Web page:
Browser and wiki workflow independence with Liferay the open source “SharePoint”

July 4th, 2009; today is the US independence day. This has put me in a reflective mood. As I was thinking about the current projects that I’m working on, I thought about this…


SharePoint 2007 is a great improvement over its ancestors: SharePoint 2003 and SharePoint 2001. The capabilities in document management make the old shared file systems obsolete. This is especially true for Microsoft Office products that integrate with SharePoint. I’m waiting for SharePoint 2010 to hopefully resolve some of the issues that the blog and wiki tools have. In the meantime, we have wiki and blog requirements that need to be met. In our search for a top flight wiki that was easy to learn and use by users; we discovered Liferay.

    Actually we rediscovered it :-). I had looked at Liferay in August 2008, to establish a community for another company; however they decided, that they could not provide the resources to host an “active” community. Part of providing a community is the nurturing and feeding of the community by providing content on a “regular” basis and responding to comments.

From 100,000 feet, Liferay is essentially an open source version of SharePoint written in Java. Liferay embraces document collaboration, Web 2.0 and social collaboration. A Liferay portal provides one or more organizations with one or more communities. Each community and user has public and private pages. Users can be assigned roles within multiple organizations and communities. Liferay plugins, portlets, can be added to any page by any user based on their “scoped” role. Liferay themes and layouts can be established at the community level or applied to each page.

Liferay provides wiki and blogging editors that can be configured to support either the FCKeditor or TinyMCE. This allows users that are already familiar with other Social media tools to be immediately productive. One of our litmus tests for wiki and blog usability is: can a user “easily” learn to how create an attractive blog or wiki that is media and content rich without having to result to editing raw HTML? This should be possible without formal training. Yeah, I expect the user would read some documentation and view some training videos; however, since more and more users are using social media sites, they are looking for their corporate tools to resemble their other tools. The workflow in these tools should allow the user to work top-down as they are thinking. Although not perfect, we find that Liferay passes this test.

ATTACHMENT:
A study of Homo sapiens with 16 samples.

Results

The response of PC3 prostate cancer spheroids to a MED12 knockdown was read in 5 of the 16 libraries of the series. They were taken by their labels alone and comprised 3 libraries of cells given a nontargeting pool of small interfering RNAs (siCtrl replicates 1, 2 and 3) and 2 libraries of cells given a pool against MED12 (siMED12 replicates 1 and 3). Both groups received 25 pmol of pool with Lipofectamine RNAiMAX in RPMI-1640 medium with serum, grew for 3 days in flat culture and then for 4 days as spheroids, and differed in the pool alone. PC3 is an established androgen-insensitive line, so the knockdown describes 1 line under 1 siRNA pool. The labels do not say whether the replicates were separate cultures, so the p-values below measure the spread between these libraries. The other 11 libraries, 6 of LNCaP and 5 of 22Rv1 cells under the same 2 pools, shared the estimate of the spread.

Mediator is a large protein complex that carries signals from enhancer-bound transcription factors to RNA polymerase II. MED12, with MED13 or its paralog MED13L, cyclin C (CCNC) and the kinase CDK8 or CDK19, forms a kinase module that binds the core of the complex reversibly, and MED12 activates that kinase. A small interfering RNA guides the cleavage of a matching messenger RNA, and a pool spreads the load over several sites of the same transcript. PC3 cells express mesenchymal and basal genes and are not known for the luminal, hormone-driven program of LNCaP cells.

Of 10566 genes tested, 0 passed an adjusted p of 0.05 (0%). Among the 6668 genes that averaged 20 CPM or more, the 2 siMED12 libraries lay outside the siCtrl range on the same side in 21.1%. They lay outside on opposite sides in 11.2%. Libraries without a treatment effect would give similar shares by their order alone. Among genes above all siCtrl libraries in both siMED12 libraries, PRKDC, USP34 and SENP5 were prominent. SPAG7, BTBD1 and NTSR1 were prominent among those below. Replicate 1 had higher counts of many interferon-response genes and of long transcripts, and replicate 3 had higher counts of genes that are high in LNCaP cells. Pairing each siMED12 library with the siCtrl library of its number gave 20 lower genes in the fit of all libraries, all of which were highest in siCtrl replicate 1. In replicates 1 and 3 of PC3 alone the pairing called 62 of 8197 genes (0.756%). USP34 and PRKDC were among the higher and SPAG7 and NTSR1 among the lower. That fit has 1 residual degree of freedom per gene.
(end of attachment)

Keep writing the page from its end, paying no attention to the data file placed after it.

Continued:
One of the disruptive behaviors of internet-based systems and web 2.0 is that corporate systems and vendor applications lag many internet applications in technological advances. This means that users are often waiting for the applications that they use at work to catch up with the ones they use personally.

Liferay allows the use of existing content or the dynamic upload of content while you are are writing. SharePoint 2007 only supports use of previously stored content while editing.

    Okay, I know that you can open another browser window; upload some content; and then switch back to your wiki/blog window to complete the wiki or blog entry. However you cannot imagine how many users do not think of this or understand this. I been around long enough to realize that means that there is likely a disconnect between the user’s desired workflow and the product workflow.

The Liferay wiki and blog editors work equally as well with Internet Explorer,IE, and FireFox. SharePoint 2007 provides a more robust experience to IE users. With SharePoint, in my opinion, wiki and blog editing in FireFox feels like an “unwanted disease”. This is unfortunate. There are standard JavaScript libraries that abstract browser dependencies. There is simply no technical reason that SharePoint can’t provide a first class experience to most browsers. The Liferay content portlet can contain javascript, this allows easy integration with a plethora of other social media and web-based applications. Ironically, I placed my Windows Live status with a button into a Liferay content portlet and it behaves correctly. I could not do this with SharePoint. The SharePoint editors deleted the javascript code. The Liferay Wiki can be configured to support Creole or Camel-case wiki editing.

You know, SharePoint could learn a lot from Liferay.